Lifestyle

Dig out from the storm – with a sustainable alternative

There are less aggressive but equally effective options than rock salt to keep your walkways free of ice

Wednesday’s Nor’Easter pummeled the region with snow, ice and rain –  much of which is now frozen solid to our roadways and sidewalks. 

With temperatures barely going above freezing, much of that snow and ice is now there for us to dig out. The City of Philadelphia implores residents to clear the sideways in front of homes and businesses within the first six hours following the end of the storm. 

The easiest approach is digging out and de-icing with rock salt. Rock salt works fast to keep ice off walkways but it’s perhaps one of the most damaging compounds as it dries out sidewalk surfaces, corrodes metal, but perhaps is most damaging when it gets into the soil, groundwater and, of course, our waterways. 

With that said, there are alternatives that are just as effective as salt without damaging property and the environment.

Before you dig out, consider these four options that aren’t as harmful to groundwater as rock salt

  1. Coffee grinds

Biodegradable, all-natural and actually does absorb sunlight to help snow and ice melt faster. Instead of pouring grinds down your drain (which if you do, definitely reconsider) pour it on the sidewalk to ensure a non-slip surface. 

2. Sand

Sand is a great option since sand absorbs sunlight and heats the ground below in addition to providing traction over ice and snow. However, use sand sparingly given sand does wash away and when it ends up in drains doesn’t easily wash out, instead collecting gunk and sediment that could harbor and pass bacteria into our waterways. 

3. Kitty litter

Litter acts similarly to sand to also provide traction on ice, but it doesn’t have melting properties. It’s a great alternative over salt but only on a fully shoveled walkway or step to deliver some additional traction.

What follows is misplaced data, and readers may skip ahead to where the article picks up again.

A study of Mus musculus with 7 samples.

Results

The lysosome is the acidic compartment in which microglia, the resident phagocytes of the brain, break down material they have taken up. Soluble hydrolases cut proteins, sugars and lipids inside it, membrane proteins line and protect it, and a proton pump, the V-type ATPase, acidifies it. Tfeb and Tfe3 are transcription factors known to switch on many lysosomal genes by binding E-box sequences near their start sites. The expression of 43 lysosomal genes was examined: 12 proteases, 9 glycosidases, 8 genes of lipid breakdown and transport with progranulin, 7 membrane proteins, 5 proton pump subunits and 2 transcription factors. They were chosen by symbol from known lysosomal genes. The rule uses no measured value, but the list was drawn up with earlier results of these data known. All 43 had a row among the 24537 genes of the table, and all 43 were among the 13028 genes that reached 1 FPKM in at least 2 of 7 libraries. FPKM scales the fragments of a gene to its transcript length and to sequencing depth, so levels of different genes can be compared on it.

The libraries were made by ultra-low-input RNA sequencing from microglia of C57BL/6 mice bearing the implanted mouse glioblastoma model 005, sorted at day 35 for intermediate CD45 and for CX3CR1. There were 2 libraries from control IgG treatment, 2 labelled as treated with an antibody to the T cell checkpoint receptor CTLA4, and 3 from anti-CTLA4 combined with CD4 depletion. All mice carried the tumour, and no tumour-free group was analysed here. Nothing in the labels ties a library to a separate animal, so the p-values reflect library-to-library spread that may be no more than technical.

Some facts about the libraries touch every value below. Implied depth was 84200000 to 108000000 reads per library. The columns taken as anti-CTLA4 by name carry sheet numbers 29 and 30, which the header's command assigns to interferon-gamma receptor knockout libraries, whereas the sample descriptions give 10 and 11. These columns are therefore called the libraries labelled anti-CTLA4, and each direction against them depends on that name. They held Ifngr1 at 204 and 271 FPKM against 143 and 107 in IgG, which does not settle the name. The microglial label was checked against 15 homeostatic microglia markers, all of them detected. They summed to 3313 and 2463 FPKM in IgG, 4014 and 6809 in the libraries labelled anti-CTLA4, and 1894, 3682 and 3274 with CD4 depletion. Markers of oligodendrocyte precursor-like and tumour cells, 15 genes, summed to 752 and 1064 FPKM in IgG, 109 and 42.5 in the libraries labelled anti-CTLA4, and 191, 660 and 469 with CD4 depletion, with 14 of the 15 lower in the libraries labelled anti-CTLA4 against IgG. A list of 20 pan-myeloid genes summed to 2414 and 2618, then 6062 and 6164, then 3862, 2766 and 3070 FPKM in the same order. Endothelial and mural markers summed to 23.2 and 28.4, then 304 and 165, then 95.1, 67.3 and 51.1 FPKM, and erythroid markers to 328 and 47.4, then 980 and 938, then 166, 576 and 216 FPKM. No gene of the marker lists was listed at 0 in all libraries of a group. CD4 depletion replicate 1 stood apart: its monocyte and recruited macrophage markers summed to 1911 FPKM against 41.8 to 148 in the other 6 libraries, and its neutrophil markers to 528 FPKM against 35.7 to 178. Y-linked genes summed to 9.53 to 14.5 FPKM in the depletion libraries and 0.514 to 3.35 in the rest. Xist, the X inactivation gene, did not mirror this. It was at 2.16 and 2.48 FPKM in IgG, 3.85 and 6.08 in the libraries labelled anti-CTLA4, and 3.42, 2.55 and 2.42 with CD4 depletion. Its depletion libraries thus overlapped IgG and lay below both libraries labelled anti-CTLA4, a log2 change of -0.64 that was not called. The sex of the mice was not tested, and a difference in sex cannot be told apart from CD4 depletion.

4. Vinegar

As an all-natural liquid, vinegar contains citric acid which melts snow and ice and is great for steps and small walkways. 

Kerith Gabriel started out as a sports writer over a decade ago for the Philadelphia Daily News. He left sports to focus on issues that deeply affect Philadelphians but really, he just loves telling a good story, regardless of genre. When he’s not prowling for a story, you can most likely find him playing soccer at Penn Park, or doing the dad thing around town. Email him at kerith.a.gabriel@gmail.com or follow him on Twitter via @sprtswtr. View all posts by Kerith Gabriel

1 thought on “Dig out from the storm – with a sustainable alternative

  1. Shoveling the snow, then sweeping the sidewalk–at intervals while it is still falling–helps prevent compaction underfoot from pedestrians and thus icing. If any ice stiil forms, take advantage of daytime moments when the temperature is above 32 degrees by breaking up the melting ice with a spade with a straight edge, then shoveling or sweeping aside the ice shards.